CinemaCon essentially offers speed-dating for studios and movie theater owners, with more than 7,000 exhibitors from 82 countries packed into a giant room at Las Vegas's Caesars Palace — the same one where Celine Dion plays. The Hollywood studios show clips from their upcoming slate, and sometimes entire movies. And they bring in stars such as Tom Cruise, Reese Witherspoon and Channing Tatum for a more insider version of Comic-Con.
The goal: Get theater owners excited enough to book their films in the biggest rooms and put a ton of promotion behind them. Disney, Sony, Paramount and Warner Brothers all screened footage earlier this week.
What theater owners liked
Mission: Impossible — Rogue Nation
Paramount got a good reaction for its preview of this sequel — one of the films shown at CinemaCon that was actually a sequel rather than a reboot, like several of the other high-profile films previewed here.
Disney/Pixar's "Inside Out" played well, but there was some concern that the movie played older than other Pixar movies — it may be too targeted at parents more than their kids.
Max Max: Fury Road
Fans have been excited about this revisiting of the 'Mad Max' franchise, and exhibitors showed similar enthusiasm for the film.
The footage played well with exhibitors, even though the idea of rebooting the Chevy Chase comedy classic with Ed Helms may be groan-inducing for some. One person who was set to release a movie around the same time noted after seeing the footage that they wanted to move their film to avoid conflicting with "Vacation."
A lot of people were talking about this feature version of the documentary "Man On Wire," about French tightrope walker Philippe Petit's 1974 crossing between the two towers of the World Trade Center. Director Robert Zemeckis, an expert with special effects, has created a copy of the fallen towers that inspires vertigo in a great way. It stars Joseph Gordon-Levitt.
Sony showed footage of "Xmas" from Seth Rogen and James Franco, which a studio exec jokingly introduced as being from the same guys who almost brought you "The Interview."
What theater owners didn't like
The franchise reboot's extended preview received a severely mixed response. The latest glimpses of the film haven't played well online, and it looks like that's being reflected by exhibitors.
Scenes from a feature film version of the HBO satire of young Hollywood bros seemed to indicate this one might have been better left on the "Entourage" DVD collection.
The Will Smith movie looks at NFL players with brain injuries, but the footage looked and played weakly to the CinemaCon audience. Only one scene was shown, but the results weren't promising.
A Warner Brothers schedule versus a Sony schedule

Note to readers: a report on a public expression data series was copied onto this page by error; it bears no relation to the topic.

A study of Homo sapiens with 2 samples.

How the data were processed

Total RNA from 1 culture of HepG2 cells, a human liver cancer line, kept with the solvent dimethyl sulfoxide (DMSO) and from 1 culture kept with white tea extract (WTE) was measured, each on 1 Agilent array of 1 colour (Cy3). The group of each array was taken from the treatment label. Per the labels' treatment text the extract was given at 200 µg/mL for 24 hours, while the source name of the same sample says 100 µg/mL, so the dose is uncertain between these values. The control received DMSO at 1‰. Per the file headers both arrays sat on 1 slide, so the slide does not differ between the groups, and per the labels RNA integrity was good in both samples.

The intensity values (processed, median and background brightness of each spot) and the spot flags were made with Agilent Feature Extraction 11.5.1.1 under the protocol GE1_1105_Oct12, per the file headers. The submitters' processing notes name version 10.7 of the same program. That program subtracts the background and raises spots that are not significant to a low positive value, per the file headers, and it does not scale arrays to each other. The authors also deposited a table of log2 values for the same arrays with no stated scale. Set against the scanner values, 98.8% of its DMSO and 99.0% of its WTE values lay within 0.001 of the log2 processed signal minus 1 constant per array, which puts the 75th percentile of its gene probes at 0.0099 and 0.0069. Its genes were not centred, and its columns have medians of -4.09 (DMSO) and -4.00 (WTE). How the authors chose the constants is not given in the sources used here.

Warner Brothers and Sony presented a tale in contrast. While a lot of studios are scaling back, Warner Brothers is actually releasing more films this year.
Meanwhile, Sony doesn't appear to have much this summer, with most of the films they previewed (including "Concussion," "The Walk" and "Xmas") coming out later in the year. The studio hasn't been doing well at the box office, and they're still dealing with the North Korea-related Sony hack. Their studio chief Amy Pascal was fired, but new head Tom Rothman told the crowd that the studio is "unbroken and unbowed." They also had one big superhero announcement, noting that the filmmakers behind "The Lego Movie" will be delivering an animated Spider-Man film — but that's not for a few more years.
Latinos at the box office
In a panel on Latino moviegoing, there were parallels with some of what theater group head John Fithian told the Frame earlier this week — namely, that Latinos are a huge part of the future of the industry, and that they actually spend more than other audiences. Also, that one of the best examples of reaching that audience has been "Furious 7," which has attained great success with its diverse cast.
Latinos over the age of 12 make up 16 percent of the population, but more than 21 percent of all tickets sold. Even though the box office was down last year, Latino attendance was up.
On a broader level, 37 percent of the nation is non-white — but at the movies, they make up nearly half of tickets sold, at 46 percent. Meanwhile, there were few people of color among the stars presented by the studios. The most prominent Latino at the convention was TV host Mario Lopez, who emceed the Warner Brothers presentation.
Panelists said that the way to reach Latino audiences was not to overly focus the product or to target them as a segment of the population, but to treat Latino audiences as part of the wider population. Latinos are on their way to be a plurality of United States audiences, and both studios and theaters are set to miss out on a lot of money if they don't figure out how to address this audience properly.